St Austell family: 'NHS has totally let us down'
THE daughter of a pensioner kept waiting for surgery on a hospital ward for almost 12 weeks says the NHS has "totally let my father down".
Gordon Tift, 69, walked on to Wheal Coates Ward at the Royal Cornwall Hospital in Truro three months ago to undergo surgery to remove blockages in his heart and an angioplasty on his legs and groin. Now the family has been told that his body is too weak for surgery to be possible, and the only option may be hospice care.
His daughter Deborah, aged 40, of Gilbert Close in St Austell, has now contacted the Cornish Guardian about his plight, saying she does not want another family to suffer the same anguish.
Ulcers, caused by blocked arteries, were first spotted when Mr Tift was on an extended holiday to Turkey.
"We were told the heart surgery was needed urgently and we thought they'd concentrate on this first but they haven't," said Miss Tift.
"My father's sat there for nearly 12 weeks hoping each day that the operation will take place."
She said while her father had been in hospital she had seen his health deteriorate and blamed a catalogue of failings by the hospital, which she said has only seen his basic needs being met.
Miss Tift said her father had been "slumped night and day in a day chair and never had a bed other than to go to theatre", which had caused pressure sores: "Although it was too painful for him to sleep in a bed they've never provided a specialist chair until now."
She has also alleged a lack of hygiene, which she said had seen her father's urine-soaked clothes left lying on a windowsill.
"He's been encouraged to pee into a little cardboard tube and then given his meals without washing his hands, and he's been left with his private parts hanging out because the gown's too short to cover his dignity," said Miss Tift.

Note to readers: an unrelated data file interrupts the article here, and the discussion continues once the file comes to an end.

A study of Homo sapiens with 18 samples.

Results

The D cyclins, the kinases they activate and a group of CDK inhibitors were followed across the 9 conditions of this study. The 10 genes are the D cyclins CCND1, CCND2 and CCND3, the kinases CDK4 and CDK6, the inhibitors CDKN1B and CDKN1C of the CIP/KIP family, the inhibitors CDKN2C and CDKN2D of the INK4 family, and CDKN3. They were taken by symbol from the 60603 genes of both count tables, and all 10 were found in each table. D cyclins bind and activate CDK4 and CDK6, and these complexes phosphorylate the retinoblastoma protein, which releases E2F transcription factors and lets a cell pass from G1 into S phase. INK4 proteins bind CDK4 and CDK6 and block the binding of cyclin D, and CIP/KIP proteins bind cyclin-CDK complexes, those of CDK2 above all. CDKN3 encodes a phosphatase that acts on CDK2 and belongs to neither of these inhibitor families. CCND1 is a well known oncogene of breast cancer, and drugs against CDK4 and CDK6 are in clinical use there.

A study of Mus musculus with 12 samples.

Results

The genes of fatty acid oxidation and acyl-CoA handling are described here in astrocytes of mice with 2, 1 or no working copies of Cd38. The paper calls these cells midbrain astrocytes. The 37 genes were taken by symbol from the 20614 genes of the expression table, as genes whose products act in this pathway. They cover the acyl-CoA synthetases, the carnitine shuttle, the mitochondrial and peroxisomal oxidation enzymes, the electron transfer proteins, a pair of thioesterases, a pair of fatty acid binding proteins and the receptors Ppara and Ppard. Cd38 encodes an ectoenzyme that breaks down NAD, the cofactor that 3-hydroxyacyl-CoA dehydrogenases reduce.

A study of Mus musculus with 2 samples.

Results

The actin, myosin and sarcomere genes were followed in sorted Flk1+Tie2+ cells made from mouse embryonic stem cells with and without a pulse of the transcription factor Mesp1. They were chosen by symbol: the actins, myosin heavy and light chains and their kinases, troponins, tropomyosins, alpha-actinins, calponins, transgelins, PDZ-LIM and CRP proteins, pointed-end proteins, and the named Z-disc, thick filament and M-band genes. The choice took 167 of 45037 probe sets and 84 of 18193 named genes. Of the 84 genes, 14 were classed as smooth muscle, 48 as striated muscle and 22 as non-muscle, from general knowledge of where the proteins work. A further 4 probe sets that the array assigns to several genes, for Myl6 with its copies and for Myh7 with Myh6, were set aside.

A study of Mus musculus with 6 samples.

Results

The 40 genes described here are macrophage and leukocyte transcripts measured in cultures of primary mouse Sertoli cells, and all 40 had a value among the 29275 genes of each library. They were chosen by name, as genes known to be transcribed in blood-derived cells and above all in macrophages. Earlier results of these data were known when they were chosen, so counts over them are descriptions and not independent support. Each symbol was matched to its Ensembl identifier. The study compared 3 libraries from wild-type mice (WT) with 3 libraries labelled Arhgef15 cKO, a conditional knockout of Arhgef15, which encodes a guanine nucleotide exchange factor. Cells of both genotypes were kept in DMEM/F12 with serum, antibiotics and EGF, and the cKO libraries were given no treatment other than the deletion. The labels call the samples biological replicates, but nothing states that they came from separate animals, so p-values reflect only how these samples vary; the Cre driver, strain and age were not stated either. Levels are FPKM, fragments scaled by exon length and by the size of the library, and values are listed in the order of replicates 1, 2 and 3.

Worst of all, she said, the hospital had admitted that her father had suffered kidney damage after receiving an overdose of morphine, and had also contracted an E. coli infection.
Last weekend he was transferred to Penrice Community Hospital, but when the family arrived they learnt he had taken a turn for the worse and been rushed back as an emergency to the Royal Cornwall Hospital, where he was left for hours in medical admissions without seeing a doctor, despite previously having been in isolation for viruses.
Her father is now being cared for on Wheal Prosper ward and the family says his care has improved markedly.
Miss Tift said she had complained to the hospital through its Patient Advice and Liaison Service, "but it's too late.
"I've watched my father go from a happy-go-lucky guy who loved life, and that's how he walked into that hospital, hoping for the best, and there's now a good possibility he may never walk out of there again.
"In that environment I've seen a deterioration, and that's what hurts; it really hurts. The patients are human beings, at the end of the day, and whether you're 6 or 69 a good level of care should be provided for all."
Royal Cornwall Hospitals Trust nurse executive Andrew MacCallum said it took any concerns about patient care very seriously and would carry out a full review of Mr Tift's care and treatment.
However, the hospital has refused to comment publicly on Mr Tift's care, citing rules on patient confidentially.
"Miss Tift has said she is content with her father's care currently and I will be happy to talk with her personally," said Mr MacCallum.
Miss Tift is due to attend a meeting this week with the staff members involved in her father's care.